Children could put themselves at risk for privacy loss, cyber-bullying
Sept. 04, 2012
Jesslyn Chew, ChewJ@missouri.edu, (573) 882-8353
By Kate McIntyre
COLUMBIA, Mo. – About 73 percent of online American teens use social networking sites, such as Facebook, to share photos, interests and experiences with others, according to Pew Research Center. For youths in the foster care system, sharing information online presents additional safety and privacy issues. A University of Missouri researcher recommends that child welfare agencies develop policies to guide how adolescents in foster care use social media.
Dale Fitch, an assistant professor in the MU School of Social Work, says agencies usually advocate restricting how youths in the foster system use social media in order to avoid potential liabilities that could result in lawsuits. However, like other teens who ignore adults’ instructions concerning information disclosure online, teens in foster care turn to the Internet to express their identities and share their stories. Social media is a positive tool that helps adolescents in foster care connect with society, but the lack of guidelines leaves them at risk for cyber-bullying, unintentional disclosure of identifying information and personal harm, Fitch said.
“Foster parents and caseworkers might tell teens not to use Facebook, but they’re using it anyway, which opens them up to negative consequences,” Fitch said. “They need to be able to share instances of unwanted social media contact with their guardians, and they might not reveal information if they’ve been told not to use Facebook.”
Extensive policies regulate how records of youths in the foster system are shared with others such as foster parents, school personnel, health care professionals and caseworkers, so encouraging teens in foster care to use the Internet allows them a sense of privacy and control over their own information, Fitch said.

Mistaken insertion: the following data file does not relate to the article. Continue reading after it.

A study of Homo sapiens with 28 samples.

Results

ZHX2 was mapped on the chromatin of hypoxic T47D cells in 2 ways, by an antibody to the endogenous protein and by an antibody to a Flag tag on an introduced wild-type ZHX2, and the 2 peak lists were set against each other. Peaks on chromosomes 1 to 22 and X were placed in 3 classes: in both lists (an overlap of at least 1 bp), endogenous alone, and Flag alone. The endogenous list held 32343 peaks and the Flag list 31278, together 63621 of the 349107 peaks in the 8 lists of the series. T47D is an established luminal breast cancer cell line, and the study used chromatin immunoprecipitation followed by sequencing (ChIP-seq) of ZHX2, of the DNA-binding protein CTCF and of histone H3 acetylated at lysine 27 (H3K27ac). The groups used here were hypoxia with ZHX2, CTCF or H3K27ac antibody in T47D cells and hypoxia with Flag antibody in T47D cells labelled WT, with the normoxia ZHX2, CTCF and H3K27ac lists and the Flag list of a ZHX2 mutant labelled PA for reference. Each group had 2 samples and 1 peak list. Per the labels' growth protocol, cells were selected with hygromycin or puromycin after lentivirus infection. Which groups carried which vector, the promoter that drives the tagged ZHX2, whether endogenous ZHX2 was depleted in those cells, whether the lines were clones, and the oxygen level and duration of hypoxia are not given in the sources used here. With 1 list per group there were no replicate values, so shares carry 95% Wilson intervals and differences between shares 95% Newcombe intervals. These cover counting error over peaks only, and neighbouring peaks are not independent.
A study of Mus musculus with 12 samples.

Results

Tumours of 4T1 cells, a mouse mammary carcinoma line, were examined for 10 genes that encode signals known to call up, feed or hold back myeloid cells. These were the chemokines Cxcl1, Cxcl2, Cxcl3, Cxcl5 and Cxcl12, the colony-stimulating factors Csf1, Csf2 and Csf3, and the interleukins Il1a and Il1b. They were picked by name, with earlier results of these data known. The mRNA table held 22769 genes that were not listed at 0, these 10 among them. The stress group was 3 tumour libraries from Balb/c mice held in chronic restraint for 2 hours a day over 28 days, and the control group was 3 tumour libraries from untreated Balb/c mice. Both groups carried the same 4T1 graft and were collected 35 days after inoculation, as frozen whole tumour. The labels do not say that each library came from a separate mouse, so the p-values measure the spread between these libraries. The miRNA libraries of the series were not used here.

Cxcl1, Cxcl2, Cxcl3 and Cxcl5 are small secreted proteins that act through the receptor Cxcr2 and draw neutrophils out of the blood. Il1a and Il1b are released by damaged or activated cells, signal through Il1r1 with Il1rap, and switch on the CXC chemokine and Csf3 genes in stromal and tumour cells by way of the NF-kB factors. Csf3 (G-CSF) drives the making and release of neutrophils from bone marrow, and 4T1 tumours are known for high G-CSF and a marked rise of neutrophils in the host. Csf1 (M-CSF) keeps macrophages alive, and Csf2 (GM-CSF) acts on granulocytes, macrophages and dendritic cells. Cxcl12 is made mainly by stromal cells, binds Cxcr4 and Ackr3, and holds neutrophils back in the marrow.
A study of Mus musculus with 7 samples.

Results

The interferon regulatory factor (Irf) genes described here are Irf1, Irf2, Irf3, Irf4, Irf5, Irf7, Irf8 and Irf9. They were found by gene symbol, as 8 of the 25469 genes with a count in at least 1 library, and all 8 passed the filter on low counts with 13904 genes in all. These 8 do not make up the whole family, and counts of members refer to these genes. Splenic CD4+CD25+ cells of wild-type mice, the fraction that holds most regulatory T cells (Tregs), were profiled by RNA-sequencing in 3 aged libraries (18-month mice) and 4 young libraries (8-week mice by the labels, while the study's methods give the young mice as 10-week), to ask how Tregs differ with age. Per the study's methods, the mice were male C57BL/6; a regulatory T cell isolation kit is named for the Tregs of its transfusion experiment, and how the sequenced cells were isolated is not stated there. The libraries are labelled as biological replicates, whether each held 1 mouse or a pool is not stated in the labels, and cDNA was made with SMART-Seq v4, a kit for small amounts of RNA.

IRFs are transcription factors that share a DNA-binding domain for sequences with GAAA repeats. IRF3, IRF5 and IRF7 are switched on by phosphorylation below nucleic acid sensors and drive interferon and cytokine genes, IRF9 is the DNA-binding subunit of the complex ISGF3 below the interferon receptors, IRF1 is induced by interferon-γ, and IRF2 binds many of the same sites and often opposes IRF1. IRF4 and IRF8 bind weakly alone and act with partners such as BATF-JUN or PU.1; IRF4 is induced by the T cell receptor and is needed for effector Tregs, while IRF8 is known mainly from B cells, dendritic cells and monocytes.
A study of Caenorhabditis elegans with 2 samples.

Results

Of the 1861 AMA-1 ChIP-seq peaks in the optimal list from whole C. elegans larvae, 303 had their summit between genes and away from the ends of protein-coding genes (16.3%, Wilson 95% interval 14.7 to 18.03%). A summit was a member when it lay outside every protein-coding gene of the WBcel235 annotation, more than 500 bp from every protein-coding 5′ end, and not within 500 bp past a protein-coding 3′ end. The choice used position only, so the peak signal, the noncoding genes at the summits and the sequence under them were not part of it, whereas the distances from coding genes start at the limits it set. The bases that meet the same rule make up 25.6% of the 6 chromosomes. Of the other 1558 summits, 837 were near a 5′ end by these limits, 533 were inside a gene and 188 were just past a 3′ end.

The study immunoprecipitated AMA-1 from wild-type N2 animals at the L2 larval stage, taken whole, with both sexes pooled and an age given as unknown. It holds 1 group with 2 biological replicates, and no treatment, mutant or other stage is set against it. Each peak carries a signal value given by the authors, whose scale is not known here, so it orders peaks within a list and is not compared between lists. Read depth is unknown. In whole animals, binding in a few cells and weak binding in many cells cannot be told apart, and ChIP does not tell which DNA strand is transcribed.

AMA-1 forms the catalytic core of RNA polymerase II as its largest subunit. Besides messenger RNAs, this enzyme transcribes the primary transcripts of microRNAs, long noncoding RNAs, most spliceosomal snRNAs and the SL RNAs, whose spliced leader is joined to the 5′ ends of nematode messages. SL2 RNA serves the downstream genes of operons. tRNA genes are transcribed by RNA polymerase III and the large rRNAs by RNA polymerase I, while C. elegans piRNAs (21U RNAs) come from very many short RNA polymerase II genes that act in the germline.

“Although adolescents in foster care are very much aware of their own safety issues and are very protective of their foster families and biological siblings, they may not know the implications of sharing information online,” Fitch said. “Working with them to safely use social media is a huge step.”
Additionally, allowing youths in foster care to use social media could give their caretakers insight into the youths’ lives they might not have otherwise, which could help adults identify development issues, Fitch said.
“If adolescents have few friends on Facebook, foster parents need to find out whether they have other, hidden online profiles or if they’re having problems making friends,” Fitch said. “Adults could learn a lot more about what’s going on in the teens’ lives and what they’re thinking about. Those conversations happen on a limited basis now.”
Fitch used a tool called Critical Systems Heuristics to create a framework child welfare agencies can use to develop privacy guidelines to ensure the safe use of social media. He says youths in the foster system should be included in the policy-making process in addition to child welfare workers, foster parents or guardians, juvenile officers and judges.
The paper, “Youth in Foster Care and Social Media: A Framework for Developing Privacy Guidelines,” was published in the Journal of Technology in Human Services. The School of Social Work is part of the MU College of Human Environmental Sciences.